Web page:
1. Colonel TJ Hodgetts, CBE L/RAMC, Chief Medical Adviser1 and
  2. S Findlay2
  1. 1HQ Allied Rapid Reaction Corps; Army Role 1 Champion
  2. 2SO1 General Practice, Army Medical Directorate
  1. HQ Allied Rapid Reaction Corps, Imjin Barracks, Innsworth, Gloucester GL3 1HW 01452 718490 timothy.hodgetts793{at}


Aim: To quantify the risk for delivering care at Role 1 in the Land Environment (point of wounding to hospital care) on current operations and set the conditions for systematic change to enhance future capability.

Population: UK, US and Danish Army Role 1 Subject Matter Experts (SMEs)

Methods: (1) Questionnaire study of UK SMEs to determine capability gaps; (2) Questionnaire study of US and Danish SMEs to benchmark UK capability; (3) Semi-structured interviews of UK SMEs; (4) In-theatre evaluation of deployed Role 1.

Results: Thirty two SMEs completed the questionnaire (68% response rate), comprising 25 medical officers (20 in clinical appointments; five in command and staff appointments), six nurses and one medical support officer. Results of the entire review were collated as a cross-Defence Lines of Development analysis, separating the specific experience of 1 Medical Regiment’s Hybrid Foundation Training (HFT), Mission Specific Training (MST) and deployment cycle from the analysis gained from questionnaire studies, SME consultation and documentary evidence.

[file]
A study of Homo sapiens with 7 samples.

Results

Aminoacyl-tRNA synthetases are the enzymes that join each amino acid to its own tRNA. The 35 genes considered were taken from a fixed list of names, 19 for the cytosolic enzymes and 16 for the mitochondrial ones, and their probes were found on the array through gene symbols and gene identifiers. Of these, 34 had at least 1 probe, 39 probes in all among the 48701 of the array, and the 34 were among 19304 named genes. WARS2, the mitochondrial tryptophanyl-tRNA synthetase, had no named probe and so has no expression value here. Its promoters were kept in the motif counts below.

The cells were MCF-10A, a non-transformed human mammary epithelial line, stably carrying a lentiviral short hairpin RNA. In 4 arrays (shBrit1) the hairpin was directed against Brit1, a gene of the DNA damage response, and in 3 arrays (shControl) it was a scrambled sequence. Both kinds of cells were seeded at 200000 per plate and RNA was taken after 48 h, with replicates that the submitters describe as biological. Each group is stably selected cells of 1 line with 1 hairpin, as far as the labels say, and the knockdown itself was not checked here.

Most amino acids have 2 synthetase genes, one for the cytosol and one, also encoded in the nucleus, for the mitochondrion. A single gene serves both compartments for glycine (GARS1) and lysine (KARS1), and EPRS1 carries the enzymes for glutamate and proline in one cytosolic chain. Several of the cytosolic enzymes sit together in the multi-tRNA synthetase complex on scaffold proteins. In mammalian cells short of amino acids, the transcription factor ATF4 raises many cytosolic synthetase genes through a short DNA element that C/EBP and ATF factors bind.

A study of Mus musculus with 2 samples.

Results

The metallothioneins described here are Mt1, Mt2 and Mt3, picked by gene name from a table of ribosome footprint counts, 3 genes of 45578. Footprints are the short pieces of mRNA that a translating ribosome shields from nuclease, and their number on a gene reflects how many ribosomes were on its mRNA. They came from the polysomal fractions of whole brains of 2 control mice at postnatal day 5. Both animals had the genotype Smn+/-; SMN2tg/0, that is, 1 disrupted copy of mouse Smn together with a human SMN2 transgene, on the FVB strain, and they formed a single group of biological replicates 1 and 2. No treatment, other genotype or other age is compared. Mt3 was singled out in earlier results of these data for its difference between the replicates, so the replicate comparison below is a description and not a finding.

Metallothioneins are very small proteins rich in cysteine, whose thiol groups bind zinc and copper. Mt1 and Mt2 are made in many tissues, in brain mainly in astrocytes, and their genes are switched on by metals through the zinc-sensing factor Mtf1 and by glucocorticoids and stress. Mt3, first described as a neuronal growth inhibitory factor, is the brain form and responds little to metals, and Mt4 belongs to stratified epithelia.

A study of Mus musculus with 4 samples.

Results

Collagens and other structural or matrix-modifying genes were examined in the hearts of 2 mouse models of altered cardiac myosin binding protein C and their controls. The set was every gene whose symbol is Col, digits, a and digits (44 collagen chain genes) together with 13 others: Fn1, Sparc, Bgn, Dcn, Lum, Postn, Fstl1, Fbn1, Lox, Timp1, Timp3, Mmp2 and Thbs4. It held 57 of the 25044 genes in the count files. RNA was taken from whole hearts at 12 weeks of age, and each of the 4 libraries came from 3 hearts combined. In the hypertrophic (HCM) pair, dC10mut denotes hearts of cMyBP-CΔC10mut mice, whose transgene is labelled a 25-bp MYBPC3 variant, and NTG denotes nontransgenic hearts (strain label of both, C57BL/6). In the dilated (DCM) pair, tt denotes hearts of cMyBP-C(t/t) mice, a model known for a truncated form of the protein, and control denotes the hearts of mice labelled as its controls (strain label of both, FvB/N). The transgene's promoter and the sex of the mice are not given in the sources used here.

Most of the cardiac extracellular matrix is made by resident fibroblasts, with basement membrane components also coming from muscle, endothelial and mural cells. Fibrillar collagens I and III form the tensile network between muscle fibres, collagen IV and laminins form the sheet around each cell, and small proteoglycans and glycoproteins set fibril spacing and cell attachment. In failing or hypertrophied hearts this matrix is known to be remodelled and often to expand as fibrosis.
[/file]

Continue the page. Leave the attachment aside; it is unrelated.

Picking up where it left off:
Recommendations and Conclusions: The review generated 77 recommendations and 38 sub-recommendations. The top six messages of the review were (1) To balance the expressed desire to increase the ratio of trained Team Medics with the reality of generating credible instructors with clinical experience; (2) To recognise that inadequate experience for Combat Medical Technicians in Primary Healthcare in the Firm Base undermines their operational preparedness; (3) To recognise that Current Regimental Aid Post (RAP) at contingency without power lacks the rudimentary infrastructure of a modern Medical Treatment Facility; (4) To recognise that inappropriate deployment of personnel with chronic disease or acutely limiting conditions is a consistent trend for 20 years that highlights continuing system weaknesses in applying protective medical grading; (5) To accept that General Practitioner manning requires re-evaluating as an Operational Pinch Point, reviewing all options to maintain operational effectiveness including, but not focusing on, incentives; and (6) To recognise that a best practice template for Role 1 Healthcare Governance has been created that must endure.